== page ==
Liturgical Prayer

Prepared by Fr. Seraphim & Ann Johnson, March 2007

The word “liturgy” means “the work of the people”. Thus, liturgical prayer is essentially corporate prayer practised by the people. It would be a mistake to believe that it is prayer as practised by the clergy and listened to by the people. Liturgical prayer is done jointly by all and for all, and is the ultimate expression of the oneness of church life, one not only in the sense of the group of people who are praying together, but one also with all other believers who are praying elsewhere. Liturgical prayer is also the expression of prayer which joins believers with all the saints and believers of all ages.

In Orthodox worship, liturgy and theology are not seen as separate entities. Orthodox Christians worship and learn about their faith simultaneously. At any of the great feasts, for example, believers will pray during the Vigil and at the same time learn about the deep meaning of the feast from the words of the service. Orthodox worship is “multi-sensory”. We experience worship through our minds, hearts, ears, eyes and bodies.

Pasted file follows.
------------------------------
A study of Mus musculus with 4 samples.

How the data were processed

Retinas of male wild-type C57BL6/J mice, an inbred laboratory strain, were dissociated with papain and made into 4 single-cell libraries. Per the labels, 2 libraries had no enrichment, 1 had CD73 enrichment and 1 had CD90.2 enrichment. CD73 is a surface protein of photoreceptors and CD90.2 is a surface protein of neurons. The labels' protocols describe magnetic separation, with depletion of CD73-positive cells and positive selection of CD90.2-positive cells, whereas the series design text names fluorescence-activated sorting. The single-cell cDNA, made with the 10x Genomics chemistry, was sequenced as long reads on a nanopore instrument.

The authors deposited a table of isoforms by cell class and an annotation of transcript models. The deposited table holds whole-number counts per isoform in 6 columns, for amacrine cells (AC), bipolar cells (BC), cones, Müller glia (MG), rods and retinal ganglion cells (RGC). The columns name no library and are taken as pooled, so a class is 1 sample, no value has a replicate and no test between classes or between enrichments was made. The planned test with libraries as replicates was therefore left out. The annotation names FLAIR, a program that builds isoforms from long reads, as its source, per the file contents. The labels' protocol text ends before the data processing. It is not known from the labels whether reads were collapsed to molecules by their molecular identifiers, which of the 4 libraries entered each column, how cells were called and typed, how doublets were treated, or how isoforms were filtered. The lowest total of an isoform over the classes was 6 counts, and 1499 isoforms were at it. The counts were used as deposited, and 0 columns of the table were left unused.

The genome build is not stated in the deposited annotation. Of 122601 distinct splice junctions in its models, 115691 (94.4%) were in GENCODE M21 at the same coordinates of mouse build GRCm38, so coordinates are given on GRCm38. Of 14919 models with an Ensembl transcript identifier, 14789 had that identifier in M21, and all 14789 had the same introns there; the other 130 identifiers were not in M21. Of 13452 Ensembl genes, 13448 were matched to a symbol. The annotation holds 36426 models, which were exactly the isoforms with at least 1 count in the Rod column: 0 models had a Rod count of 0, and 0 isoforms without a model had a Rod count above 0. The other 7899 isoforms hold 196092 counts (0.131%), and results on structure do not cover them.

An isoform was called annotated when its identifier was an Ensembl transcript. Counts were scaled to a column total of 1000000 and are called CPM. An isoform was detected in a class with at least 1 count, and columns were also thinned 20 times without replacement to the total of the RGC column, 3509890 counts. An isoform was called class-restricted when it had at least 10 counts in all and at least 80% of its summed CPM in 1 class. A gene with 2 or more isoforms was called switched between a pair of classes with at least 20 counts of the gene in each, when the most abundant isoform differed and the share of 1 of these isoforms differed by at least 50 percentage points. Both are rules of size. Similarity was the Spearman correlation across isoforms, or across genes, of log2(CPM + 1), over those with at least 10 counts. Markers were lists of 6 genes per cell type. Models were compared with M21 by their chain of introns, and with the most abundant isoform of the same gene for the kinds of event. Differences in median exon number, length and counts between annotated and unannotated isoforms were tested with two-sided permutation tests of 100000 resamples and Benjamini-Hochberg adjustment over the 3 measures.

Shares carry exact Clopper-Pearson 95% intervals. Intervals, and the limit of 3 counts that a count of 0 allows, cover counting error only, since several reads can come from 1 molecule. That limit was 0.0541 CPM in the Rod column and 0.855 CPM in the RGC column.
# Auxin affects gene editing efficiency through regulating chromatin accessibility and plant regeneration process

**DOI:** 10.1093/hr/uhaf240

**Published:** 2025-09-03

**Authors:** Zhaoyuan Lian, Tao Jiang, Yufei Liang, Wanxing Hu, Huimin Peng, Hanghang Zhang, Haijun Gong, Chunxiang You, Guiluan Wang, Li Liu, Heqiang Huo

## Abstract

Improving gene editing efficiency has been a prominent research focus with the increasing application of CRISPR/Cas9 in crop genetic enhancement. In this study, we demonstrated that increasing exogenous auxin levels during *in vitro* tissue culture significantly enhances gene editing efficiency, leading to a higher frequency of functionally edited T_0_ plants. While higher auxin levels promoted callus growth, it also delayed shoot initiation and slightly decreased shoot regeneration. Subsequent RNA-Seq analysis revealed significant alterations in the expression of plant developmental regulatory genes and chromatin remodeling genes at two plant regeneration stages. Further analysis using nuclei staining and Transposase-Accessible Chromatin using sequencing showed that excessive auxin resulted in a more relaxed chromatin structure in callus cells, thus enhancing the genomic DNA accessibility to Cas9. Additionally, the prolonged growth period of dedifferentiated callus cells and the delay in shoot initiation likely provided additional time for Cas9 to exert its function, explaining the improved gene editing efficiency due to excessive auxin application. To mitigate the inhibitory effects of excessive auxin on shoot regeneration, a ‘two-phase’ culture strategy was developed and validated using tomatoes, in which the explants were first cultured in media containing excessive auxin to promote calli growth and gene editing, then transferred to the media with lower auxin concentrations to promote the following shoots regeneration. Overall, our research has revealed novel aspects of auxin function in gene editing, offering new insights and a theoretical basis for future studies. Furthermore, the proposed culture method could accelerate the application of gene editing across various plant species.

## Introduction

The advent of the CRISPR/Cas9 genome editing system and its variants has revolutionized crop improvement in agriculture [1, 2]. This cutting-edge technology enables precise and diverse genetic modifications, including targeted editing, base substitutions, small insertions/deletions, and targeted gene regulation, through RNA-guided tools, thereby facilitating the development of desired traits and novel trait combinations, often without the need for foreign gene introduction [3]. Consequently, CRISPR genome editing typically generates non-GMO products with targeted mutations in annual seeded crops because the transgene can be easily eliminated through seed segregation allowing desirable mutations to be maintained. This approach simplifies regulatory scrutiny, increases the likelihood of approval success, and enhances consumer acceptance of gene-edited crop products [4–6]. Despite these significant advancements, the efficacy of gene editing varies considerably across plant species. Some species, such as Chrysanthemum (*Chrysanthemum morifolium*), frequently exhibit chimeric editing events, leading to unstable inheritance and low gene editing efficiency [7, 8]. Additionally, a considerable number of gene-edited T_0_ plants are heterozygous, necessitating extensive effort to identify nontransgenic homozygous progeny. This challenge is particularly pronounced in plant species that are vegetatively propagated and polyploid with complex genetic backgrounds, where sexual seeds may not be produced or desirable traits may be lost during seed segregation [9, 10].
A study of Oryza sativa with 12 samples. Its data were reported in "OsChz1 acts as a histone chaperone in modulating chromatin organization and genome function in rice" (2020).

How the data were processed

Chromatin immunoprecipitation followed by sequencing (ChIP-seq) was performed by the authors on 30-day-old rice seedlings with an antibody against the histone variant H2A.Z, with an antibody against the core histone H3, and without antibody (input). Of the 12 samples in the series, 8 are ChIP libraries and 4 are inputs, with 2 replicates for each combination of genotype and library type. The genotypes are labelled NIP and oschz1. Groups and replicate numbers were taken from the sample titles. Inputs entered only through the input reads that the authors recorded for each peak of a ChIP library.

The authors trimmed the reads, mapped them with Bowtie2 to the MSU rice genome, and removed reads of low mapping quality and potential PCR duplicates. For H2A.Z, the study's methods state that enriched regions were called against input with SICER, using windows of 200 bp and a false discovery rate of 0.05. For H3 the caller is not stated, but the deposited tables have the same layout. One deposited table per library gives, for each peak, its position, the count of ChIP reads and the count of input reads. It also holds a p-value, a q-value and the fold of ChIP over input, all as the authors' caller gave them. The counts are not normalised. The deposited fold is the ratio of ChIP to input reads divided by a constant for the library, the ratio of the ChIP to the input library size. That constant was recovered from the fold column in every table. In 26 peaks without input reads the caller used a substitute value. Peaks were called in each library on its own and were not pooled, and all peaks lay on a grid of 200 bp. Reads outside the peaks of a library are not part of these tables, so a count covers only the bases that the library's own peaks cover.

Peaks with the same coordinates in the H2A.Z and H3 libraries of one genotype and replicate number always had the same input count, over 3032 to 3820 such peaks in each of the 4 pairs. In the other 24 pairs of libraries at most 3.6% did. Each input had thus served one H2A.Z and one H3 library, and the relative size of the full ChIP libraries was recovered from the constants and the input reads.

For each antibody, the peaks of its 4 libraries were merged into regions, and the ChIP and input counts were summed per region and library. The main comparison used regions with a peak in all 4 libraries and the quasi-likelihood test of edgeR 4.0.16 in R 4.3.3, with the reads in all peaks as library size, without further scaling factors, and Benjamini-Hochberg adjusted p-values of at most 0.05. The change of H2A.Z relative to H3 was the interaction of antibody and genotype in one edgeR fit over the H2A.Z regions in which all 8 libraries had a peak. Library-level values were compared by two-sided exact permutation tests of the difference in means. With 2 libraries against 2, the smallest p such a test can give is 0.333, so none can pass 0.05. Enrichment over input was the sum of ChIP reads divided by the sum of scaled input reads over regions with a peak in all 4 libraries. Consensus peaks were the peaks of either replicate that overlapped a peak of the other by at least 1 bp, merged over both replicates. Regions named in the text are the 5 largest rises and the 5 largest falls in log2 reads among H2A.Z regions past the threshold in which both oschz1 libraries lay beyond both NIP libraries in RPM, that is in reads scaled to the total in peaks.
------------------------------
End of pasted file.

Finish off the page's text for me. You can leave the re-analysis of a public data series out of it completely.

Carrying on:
There are daily, weekly and annual liturgical cycles in our Church life. An Orthodox Christian reckons time as far as possible by the liturgical calendar. Important feasts are planned for in all sorts of ways, both spiritual and practical. Holidays are planned around the feasts. Daily life revolves around times of prayer both at home and in church. The Saturday evening Vigil and the Sunday morning liturgy are the focal points of the week.

Liturgical worship incorporates both essential elements of preparation and fulfilment. All of life should be a preparation for Heaven, for life with God.

Liturgical prayer is both a preparation for Heaven and a foretaste of the life to come. As such, it requires a lifetime of practice and study; liturgical prayer is a joy, and a joy that deepens with experience.